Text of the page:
Shooter of granny linked to South Co Dublin cocaine set
Young gunman who injured 77-year-old woman in attack has ties to Kinahan cartel drug gang
A Kinahan cartel gang which supplies cocaine to South County Dublin's fast set is believed to be behind the gun attack which left an innocent 77-year-old Dun Laoghaire great-grandmother badly injured.
The attack is the first in which a firearm has been used in the most peaceful of Dublin's Garda divisions which, uniquely in the city, has had no gang-related murders.
Armed Garda units carried out raids in two working-class areas of Dun Laoghaire and in Cabra, on the northside of the city, yesterday morning and two arrests were made.
The shooting is officially termed a "firearms discharge" by gardai - but local people insisted it was a clear attempt at murder and said it was fortunate that May Brown, who is well liked and respected in the Monkstown area, survived.
She suffered a wound to her left leg when she went to answer a knock at her front door on Thursday night and a gunman fired through the glass.
One local said: "People here are very concerned and angry. This gang has been getting out of control attacking people and setting fire to cars and trying to burn houses and the guards are nowhere to be seen. And they are flashing the cash all the time."
The reason for the attack in the Monkstown Farm area is unclear, but local sources said there had been mounting violence in the Monkstown/ Sallynoggin/Ballybrack areas by drug gangs.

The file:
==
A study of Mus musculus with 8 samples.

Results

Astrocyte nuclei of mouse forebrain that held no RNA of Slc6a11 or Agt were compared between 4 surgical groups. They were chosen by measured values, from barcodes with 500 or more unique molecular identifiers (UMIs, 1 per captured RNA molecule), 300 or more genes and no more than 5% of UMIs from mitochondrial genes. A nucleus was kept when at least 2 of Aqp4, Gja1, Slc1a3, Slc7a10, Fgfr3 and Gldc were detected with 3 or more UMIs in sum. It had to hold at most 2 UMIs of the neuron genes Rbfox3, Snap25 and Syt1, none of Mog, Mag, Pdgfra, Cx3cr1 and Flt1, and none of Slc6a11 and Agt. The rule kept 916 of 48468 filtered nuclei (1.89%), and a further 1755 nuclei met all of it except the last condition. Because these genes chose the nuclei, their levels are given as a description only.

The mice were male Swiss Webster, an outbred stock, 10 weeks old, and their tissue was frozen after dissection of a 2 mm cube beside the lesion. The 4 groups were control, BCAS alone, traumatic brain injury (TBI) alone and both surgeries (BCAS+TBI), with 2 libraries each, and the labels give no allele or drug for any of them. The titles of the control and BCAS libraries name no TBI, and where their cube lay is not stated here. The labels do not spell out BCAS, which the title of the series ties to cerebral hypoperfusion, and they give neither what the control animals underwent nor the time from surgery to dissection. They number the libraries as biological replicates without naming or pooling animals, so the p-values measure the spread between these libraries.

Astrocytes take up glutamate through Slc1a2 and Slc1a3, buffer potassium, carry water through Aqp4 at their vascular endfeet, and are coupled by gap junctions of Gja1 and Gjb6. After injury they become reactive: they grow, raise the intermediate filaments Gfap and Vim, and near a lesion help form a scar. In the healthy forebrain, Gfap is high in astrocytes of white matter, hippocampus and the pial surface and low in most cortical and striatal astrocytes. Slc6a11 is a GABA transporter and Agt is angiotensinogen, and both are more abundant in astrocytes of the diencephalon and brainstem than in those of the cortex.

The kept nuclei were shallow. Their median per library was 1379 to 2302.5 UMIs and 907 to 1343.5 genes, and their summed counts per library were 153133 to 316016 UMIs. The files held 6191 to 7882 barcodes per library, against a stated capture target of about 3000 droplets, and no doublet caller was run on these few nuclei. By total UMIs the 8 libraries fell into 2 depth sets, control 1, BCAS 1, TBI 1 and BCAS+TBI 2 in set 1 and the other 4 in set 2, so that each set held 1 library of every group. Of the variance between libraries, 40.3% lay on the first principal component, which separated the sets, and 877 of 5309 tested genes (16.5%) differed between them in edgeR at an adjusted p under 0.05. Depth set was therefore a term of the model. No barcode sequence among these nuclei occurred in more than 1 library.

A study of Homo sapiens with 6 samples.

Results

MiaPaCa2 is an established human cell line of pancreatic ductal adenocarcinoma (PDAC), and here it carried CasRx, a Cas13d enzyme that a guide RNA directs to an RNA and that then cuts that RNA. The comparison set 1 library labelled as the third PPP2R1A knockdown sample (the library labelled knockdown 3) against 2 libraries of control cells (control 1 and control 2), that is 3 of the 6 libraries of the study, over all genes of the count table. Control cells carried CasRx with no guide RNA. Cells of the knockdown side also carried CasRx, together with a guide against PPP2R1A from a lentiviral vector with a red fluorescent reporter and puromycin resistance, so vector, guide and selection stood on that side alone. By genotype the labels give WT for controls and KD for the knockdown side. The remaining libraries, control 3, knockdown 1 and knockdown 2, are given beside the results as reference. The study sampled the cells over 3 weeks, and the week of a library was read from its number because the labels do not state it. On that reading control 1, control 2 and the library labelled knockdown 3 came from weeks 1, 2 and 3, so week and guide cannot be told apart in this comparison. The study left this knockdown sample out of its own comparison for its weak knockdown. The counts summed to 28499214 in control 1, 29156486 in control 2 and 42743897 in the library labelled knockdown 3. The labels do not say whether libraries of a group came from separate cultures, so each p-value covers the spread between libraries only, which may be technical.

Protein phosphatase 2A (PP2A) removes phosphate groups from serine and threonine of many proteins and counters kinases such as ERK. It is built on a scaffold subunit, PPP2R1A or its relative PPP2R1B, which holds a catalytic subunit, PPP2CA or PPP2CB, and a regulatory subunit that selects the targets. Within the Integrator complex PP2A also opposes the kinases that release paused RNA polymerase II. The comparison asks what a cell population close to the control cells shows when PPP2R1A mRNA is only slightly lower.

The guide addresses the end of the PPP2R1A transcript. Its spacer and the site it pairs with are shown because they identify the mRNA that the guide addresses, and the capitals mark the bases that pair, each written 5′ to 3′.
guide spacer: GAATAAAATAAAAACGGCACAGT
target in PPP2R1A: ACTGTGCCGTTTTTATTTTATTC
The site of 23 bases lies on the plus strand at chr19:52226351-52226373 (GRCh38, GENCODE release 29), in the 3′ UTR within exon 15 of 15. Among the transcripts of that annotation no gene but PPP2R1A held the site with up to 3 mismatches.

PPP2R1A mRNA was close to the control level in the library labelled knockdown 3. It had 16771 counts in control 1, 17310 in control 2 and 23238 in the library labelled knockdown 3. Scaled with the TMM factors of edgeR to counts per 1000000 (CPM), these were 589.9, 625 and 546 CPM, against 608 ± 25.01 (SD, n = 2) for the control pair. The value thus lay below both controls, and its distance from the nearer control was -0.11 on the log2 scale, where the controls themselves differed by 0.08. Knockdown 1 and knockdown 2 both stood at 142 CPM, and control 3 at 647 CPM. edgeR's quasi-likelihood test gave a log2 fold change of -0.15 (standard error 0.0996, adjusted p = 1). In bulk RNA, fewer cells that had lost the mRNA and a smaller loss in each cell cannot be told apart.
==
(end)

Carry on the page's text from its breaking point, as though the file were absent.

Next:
Cathaoirleach of Dun Laoghaire Rathdown County Council Cllr Cormac Devlin described the shooting as a "heinous crime" that "should not, and will not, be tolerated in our area or any other area".
He added: "The perpetrators of this attack showed scant regard for life. I understand there was a child in the house during the incident. I hope Dubliners will unite against this barbarism. I urge anyone with information to come forward to gardai in confidence so the perpetrators can be brought to justice."
Local people, however, said there had been particular trouble in the area involving a small drugs gang based in the Monkstown area who are being supplied by the cartel.
In one incident early last year another innocent man in his mid-50s was badly beaten by members of the gang as he was having a quiet drink in a local pub simply because he was a relative of a young man in dispute with the gang.
Cars have been set on fire and petrol poured through letter boxes in attempts to burn houses, local people said.
The local gang, which is constantly under pressure to pay the cartel, also attacked another young man with golf clubs over an alleged debt.
Following the attack on the man in the pub last year, the Garda's armed support unit had to be called in to prevent further violence, which was the first time the ASU had been seen in Dun Laoghaire.
The Dun Laoghaire gang operates in the heart of some of the most expensive residential property areas in the country, and working-class estates, supplying mainly cocaine to rich local users.
The man gardai believe is the main cartel point of contact with the Dun Laoghaire gang was heavily involved in the so-called Crumlin-Drimnagh gang feud that led to up to 20 murders over a decade from 2000 onwards.
This resulted in the faction led by Brian Rattigan, now serving life for murder, being effectively eradicated and the Kinahan cartel establishing unchallenged power in the south city.
The young man believed to have carried out Thursday's attack is also believed to be in debt to the cartel and carried out the attack to save himself from being shot. It is believed he had a consignment of drugs which were seized by gardai and was unable to pay up, so agreed to carry out the attack.